Mapping the City With Big Data!

Big data is big news at the moment and no more so than in how it is helping Local Authorities and public sector bodies where to allocate resources and services within the community. The Greater Manchester Infrastructure Map details relevant public and private sector infrastructure data. This data consists of information about public assets such as energy utility networks etc. Last year the Greater Manchester Local Enterprise Partnership highlighted how poor infrastructure acts as a huge barrier to economic growth in a city so it stands to reason that a better indication of infrastructure opportunities can support growth.

The GMLEP asked New Economy to develop an open data map (using some funding from the Cabinet Office Release of Data Fund as well as development work by Salford City Council). New Economy recently presented the findings of this at one of their breakfast briefing events. Professor Robert Barr OBE, from Manchester Geomatics and The University of Liverpool presented on the lessons learnt and findings over the last 3 years (the map was finalised at the end of the last Parliament in March). Geospatial applications of data are great for detailing new opportunities for services and provisions in an area and highlighting infrastructure needs (such as placement of pipes and cables).

Broken down by different geographical boundaries such as local authority, ward and output areas and covering data for a range of public services such as ‘green and environmental infrastructure’, ‘heritage assets’ and ‘public land investments’ the map is open source. Users can propose uploading their own datasets as necessary. These are considered on an individual basis depending on how open the data is and how challenging it would be to add more information. Those looking to submit planning proposals are also able to us e the map to better understand how their plans will work out so it’s offers time saving and efficiency as well. Seeing how citizens are using services and being aware of any gaps in provision may be critical in developing planning activity and ensuring these are filled effectively. Another benefit of ‘open data’ is that various front line services and organisations can come together to tackle infrastructure issues, overcoming funding limitations and other restrictions to get new developments in place.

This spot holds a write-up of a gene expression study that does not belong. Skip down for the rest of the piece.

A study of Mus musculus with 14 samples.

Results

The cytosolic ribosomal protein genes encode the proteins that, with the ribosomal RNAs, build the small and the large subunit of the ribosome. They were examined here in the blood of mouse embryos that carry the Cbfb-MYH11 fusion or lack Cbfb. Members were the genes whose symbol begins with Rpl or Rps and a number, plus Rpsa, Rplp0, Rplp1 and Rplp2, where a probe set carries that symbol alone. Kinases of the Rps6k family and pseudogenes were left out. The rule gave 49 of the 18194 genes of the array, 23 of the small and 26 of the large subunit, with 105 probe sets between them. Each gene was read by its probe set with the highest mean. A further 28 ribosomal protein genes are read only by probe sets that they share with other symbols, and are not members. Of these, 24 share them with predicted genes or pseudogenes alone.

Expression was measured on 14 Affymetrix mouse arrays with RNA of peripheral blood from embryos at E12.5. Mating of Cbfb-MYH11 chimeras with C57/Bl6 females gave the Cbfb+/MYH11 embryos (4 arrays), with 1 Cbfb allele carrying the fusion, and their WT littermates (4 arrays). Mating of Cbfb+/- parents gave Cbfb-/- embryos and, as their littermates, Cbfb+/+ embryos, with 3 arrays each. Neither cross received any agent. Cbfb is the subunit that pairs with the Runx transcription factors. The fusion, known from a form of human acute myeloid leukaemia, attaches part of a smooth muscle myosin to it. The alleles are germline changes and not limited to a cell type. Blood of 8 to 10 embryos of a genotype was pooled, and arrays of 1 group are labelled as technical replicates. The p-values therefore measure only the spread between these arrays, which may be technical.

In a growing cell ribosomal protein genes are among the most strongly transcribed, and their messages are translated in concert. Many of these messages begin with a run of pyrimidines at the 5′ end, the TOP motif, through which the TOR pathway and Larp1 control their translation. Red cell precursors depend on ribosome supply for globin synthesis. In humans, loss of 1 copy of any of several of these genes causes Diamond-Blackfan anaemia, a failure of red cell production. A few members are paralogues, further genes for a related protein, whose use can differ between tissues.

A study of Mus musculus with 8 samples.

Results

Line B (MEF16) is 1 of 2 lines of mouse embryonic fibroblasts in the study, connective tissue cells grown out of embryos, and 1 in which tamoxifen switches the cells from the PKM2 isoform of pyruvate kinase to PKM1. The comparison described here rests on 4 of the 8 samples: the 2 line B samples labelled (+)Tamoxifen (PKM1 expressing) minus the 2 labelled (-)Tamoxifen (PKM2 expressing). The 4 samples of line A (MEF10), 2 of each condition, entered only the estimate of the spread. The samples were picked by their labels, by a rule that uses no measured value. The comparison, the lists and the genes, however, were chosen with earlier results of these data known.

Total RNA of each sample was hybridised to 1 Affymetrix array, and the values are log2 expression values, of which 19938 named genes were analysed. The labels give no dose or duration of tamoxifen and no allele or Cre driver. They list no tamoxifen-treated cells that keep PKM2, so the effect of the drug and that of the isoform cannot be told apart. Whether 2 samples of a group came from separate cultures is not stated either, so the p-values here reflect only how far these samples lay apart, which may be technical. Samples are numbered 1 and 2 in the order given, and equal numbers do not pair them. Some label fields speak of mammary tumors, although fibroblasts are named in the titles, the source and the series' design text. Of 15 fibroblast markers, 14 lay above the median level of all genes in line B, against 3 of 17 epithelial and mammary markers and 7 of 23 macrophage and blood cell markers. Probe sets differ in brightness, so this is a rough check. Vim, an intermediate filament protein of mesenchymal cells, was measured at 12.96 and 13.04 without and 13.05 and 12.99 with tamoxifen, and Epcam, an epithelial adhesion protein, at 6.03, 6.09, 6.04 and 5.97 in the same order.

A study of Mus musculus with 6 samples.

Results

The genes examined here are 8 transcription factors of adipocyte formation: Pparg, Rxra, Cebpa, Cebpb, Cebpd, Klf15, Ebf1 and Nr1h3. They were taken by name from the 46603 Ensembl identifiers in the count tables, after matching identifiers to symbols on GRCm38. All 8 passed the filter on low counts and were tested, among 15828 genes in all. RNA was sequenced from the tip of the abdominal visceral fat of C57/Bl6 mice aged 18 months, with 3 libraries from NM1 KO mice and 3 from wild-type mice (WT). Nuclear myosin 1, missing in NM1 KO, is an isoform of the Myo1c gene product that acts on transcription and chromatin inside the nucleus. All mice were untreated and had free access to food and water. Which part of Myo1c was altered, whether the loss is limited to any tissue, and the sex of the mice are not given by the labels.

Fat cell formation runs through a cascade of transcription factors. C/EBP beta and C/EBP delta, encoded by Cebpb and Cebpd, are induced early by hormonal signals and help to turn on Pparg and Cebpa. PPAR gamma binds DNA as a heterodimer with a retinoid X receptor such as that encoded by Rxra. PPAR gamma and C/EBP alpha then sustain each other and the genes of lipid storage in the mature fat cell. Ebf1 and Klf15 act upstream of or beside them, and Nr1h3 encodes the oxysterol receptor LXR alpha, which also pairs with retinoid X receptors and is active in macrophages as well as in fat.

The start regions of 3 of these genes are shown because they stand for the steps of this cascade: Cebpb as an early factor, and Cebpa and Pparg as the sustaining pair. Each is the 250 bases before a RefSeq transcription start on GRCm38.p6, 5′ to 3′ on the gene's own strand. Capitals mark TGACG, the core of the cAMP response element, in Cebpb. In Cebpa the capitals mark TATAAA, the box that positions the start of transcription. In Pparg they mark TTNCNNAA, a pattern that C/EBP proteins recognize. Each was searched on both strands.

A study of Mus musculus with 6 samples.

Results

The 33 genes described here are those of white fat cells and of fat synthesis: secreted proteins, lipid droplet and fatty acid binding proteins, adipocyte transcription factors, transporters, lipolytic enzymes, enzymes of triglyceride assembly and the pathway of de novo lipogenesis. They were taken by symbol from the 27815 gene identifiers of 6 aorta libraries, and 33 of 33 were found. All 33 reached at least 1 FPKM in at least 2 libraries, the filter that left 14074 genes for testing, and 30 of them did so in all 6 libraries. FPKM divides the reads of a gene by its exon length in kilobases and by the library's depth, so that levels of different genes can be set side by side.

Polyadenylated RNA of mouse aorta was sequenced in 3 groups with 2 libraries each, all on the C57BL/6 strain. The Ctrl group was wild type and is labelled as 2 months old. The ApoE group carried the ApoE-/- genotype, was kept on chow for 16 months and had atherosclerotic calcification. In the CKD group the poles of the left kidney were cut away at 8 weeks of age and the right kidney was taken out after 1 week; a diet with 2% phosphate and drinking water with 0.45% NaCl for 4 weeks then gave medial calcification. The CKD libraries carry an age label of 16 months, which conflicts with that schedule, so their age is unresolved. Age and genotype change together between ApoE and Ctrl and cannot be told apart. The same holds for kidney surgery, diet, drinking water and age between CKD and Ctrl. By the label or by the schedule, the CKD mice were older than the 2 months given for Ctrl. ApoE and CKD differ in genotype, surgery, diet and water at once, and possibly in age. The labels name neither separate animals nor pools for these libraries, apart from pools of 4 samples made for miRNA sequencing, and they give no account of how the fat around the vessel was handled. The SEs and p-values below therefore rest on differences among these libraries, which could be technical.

The ongoing key objective of the map is ‘to maximise the use of public data for the benefit of the citizen, good governance and commerce’. Plans for moving forward include forging a wider commitment to open data access across the city, a developed platform for information sharing and to prioritise sharing all data regarding planning for the Greater Manchester area. It'll be interesting to see if this acts as a blueprint for other cities to adopt as part of planning processes going forward.